By Michael Sillup

January 09, 2018

Half of Americans won’t be able to maintain their standard of living after retirement, according to the most recently compiled National Retirement Risk Index. Fortunately, they can take steps to avert a cash-strapped future.

The Prudential Financial, Inc.–sponsored (NYSE: PRU) index, calculated by the Center for Retirement Research at Boston College using 2016 statistics from the Federal Reserve’s Survey of Consumer Finances, showed that the percentage of Americans who are projected to be unable to maintain their standard of living upon retirement declined 2 percentage points to 50 percent from 2013. It remains 19 percentage points higher than the results in 1986.  

Even with the slight decrease — which the researchers attribute to strong stock market growth and rising home values — a combination of factors including a dwindling number of pensions, declining wage growth, and having to wait longer to get full Social Security benefits means that people now in their 20s, 30s and 40s are more at risk than their older neighbors.

“This trend is unlikely to change,” said Jim Mahaney, vice president of Strategic Initiatives at Prudential. “These younger age groups are going to have to save more for retirement, resist the temptation to tap into those funds for other uses and make wise investment decisions. It can be done, it will just be different from how their parents planned for retirement.”

Unlike pension plans, where an employer’s plan assumes the investment and longevity risks, the individual assumes those risks with a 401(k) plan, Mahaney noted. Further, younger generations have to work longer to collect full Social Security benefits. Individuals born before 1937 reached the full retirement age at 65; those born after 1960 aren’t eligible until they are 67.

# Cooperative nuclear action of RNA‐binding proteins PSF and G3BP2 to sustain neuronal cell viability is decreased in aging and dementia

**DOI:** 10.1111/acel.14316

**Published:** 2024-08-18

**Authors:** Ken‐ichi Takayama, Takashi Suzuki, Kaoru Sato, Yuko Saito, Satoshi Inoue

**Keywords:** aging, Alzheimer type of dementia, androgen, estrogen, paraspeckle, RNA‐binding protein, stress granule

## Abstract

Mahaney offers several strategies to address these challenges:


  • Use one of the widely available retirement income calculators to make sure that you are saving at the proper rate to ensure adequate retirement income.
  • Consider purchasing an annuity, which can provide guaranteed lifetime income similar to a pension.


  • Enhance 401(k) plans to help workers achieve more-certain outcomes. For example, add features such as automatic enrollment, automatic escalation of contributions and in-plan guaranteed income products.
  • Encourage employees to focus on a retirement income goal rather than a savings goal while targeting a realistic retirement age.


  • Adopt regulations requiring defined contribution plans to project monthly income on participant statements.
  • Encourage more employers to offer a workplace retirement savings plan by eliminating existing hurdles.


For the National Retirement Risk Index research, click here. For Prudential’s perspective, download “Planning for Retirement: A Generational Perspective.” To arrange an interview, contact Monique Freeman, at or call 973-802-3745.


The Prudential Insurance Company of America, Newark, NJ.